Major funding boost for Tasmanian dementia and obesity research

Keeping people out of hospital and improving long-term community health will be the focus of $2.4 million in federal funding received by leading University of Tasmania health researchers today.

Focusing on community health in North West Tasmania, the research will address two of the biggest global social and health issues – dementia and increasing rates of obesity.

“Rural and regional communities in Tasmania have among the highest rates of chronic illness,” project co-lead Professor James Vickers from the Wicking Dementia Research and Education Centre said.

“The project will focus on the North West and promote self-management of factors related to chronic illness and complex disorders, which in the long run will reduce avoidable hospital visits.”

“North West Tasmania is an ideal ‘test bed’ to develop preventative health strategies that are relevant and scalable to other Australian rural and regional communities.”

On the dementia front, the project aims to increase community education around modifiable risks for dementia, through participation in the Wicking Centre’s Preventing Dementia Massive Open Online Course (MOOC) and community-led programs.

Professor Vickers said while Tasmania’s ageing community was set to lead to substantial increases in the number of people with dementia, there were some risks that could be managed.

“Age is the most substantial risk factor for dementia, and Tasmania is the ‘oldest’ State or territory in Australia, with approximately one-fifth of the population over the age of 65,” he said.

“But it is increasingly recognised that there are also several potentially modifiable factors, including maintaining good vascular health and mental stimulation, that can affect risk of dementia.”

School of Health Sciences researcher and world obesity expert Professor Andrew Hills will lead the obesity component of the project.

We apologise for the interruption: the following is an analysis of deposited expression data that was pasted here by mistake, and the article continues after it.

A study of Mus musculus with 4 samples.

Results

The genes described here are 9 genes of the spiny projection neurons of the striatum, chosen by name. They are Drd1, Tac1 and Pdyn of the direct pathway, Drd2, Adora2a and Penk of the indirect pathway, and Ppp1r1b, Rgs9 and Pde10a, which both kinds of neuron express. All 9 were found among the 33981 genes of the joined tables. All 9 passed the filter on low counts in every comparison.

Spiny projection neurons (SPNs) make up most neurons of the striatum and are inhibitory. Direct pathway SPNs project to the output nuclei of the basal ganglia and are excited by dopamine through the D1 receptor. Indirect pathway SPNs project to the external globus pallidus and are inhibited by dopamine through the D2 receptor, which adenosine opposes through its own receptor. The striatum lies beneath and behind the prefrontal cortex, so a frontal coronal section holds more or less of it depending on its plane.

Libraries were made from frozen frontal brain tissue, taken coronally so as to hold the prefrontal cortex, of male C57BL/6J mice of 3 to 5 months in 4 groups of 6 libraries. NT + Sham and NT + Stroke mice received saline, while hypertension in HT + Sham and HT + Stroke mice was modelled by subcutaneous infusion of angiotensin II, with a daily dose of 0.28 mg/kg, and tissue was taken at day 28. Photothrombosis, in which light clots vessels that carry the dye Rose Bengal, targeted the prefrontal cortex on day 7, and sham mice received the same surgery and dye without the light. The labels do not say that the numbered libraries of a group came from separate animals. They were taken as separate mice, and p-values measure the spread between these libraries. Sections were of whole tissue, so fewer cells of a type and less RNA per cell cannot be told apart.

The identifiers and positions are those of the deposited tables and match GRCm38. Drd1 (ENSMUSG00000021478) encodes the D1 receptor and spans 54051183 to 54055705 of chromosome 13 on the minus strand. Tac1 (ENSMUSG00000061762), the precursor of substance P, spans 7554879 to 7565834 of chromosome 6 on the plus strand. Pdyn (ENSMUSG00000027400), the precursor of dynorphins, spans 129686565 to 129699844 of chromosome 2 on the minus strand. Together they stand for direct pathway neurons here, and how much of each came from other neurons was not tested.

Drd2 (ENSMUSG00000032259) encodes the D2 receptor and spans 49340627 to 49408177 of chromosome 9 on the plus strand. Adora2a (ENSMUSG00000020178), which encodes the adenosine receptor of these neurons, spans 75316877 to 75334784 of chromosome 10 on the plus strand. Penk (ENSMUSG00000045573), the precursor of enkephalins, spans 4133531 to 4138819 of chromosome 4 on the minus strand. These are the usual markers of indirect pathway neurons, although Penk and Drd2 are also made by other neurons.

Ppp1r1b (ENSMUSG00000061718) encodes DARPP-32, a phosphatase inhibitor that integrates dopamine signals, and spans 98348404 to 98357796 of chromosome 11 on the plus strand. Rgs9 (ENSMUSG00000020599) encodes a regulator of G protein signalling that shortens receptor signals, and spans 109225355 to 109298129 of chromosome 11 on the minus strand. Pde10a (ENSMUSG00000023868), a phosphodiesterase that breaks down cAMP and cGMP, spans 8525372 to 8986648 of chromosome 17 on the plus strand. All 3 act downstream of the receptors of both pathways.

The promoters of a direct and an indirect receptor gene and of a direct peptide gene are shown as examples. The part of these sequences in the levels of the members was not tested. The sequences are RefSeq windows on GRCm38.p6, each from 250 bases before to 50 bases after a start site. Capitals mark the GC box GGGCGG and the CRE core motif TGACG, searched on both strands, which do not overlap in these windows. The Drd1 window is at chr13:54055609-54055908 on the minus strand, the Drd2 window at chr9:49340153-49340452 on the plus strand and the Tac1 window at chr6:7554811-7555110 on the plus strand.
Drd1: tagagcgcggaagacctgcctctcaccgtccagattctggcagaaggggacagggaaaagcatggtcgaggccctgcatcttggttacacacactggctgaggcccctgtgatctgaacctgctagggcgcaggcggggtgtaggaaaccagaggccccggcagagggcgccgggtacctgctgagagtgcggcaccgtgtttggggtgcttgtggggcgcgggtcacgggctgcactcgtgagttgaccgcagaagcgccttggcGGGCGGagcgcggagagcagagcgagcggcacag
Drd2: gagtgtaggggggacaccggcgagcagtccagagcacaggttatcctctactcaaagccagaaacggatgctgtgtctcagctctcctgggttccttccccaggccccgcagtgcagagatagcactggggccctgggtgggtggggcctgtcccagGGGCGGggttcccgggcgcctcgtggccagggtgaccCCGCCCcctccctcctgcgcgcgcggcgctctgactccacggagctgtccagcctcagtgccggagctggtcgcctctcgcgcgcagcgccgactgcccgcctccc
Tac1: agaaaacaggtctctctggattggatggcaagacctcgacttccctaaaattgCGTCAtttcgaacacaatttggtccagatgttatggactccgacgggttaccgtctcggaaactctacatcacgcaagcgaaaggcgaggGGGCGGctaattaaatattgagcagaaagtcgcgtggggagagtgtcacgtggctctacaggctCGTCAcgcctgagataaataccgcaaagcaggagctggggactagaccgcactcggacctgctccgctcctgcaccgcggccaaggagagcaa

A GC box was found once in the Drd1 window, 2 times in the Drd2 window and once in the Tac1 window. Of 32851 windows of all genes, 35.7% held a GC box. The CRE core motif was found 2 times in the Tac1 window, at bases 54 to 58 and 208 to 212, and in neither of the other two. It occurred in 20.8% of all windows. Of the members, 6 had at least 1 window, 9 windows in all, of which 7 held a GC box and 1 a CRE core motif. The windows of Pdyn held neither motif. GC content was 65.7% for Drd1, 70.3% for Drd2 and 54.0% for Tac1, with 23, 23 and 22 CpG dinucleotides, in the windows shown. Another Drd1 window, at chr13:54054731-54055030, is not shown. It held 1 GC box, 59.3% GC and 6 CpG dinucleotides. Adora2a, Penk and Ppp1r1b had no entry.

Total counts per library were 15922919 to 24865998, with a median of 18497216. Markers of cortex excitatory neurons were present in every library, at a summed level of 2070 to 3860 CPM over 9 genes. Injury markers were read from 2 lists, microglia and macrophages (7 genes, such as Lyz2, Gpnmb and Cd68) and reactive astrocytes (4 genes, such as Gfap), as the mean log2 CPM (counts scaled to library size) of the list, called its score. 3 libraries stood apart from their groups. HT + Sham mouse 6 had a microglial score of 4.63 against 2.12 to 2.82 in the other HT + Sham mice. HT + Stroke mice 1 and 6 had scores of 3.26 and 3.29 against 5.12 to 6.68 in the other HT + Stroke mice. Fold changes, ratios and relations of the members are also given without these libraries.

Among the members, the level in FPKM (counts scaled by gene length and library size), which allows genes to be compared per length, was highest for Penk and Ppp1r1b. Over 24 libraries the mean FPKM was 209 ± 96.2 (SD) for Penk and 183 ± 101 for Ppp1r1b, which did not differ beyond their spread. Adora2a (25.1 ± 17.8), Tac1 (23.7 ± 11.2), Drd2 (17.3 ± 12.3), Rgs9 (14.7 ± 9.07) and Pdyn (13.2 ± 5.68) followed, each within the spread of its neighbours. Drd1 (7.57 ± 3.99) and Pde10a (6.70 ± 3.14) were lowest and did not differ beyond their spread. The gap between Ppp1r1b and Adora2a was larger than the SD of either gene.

The research will focus on the prevention of obesity through physical activity and improved eating behaviours, particularly during the ‘critical’ age periods of adolescence, preconception and pregnancy, infancy and childhood.

“Obesity has reached epidemic proportions in the Tasmanian context with disproportionate levels in the North and North-West,” Professor Hills said.

“Obesity during the growing years has the potential to affect health, educational attainment and quality of life.”

The project aims to take a community approach to influencing the next generation by working initially with mothers, babies and young children.

“This work will involve a wide range of health professionals in various settings, educators, parents and in partnership with all levels of government, non-government and community organisations,” Professor Hills said.

The new projects encompass the College of Health and Medicine’s research flagships, dementia and obesity.

Funding for the project is under the Federal Government’s Medical Research Future Fund (MRFF) Keeping Australians Out of Hospital grant program.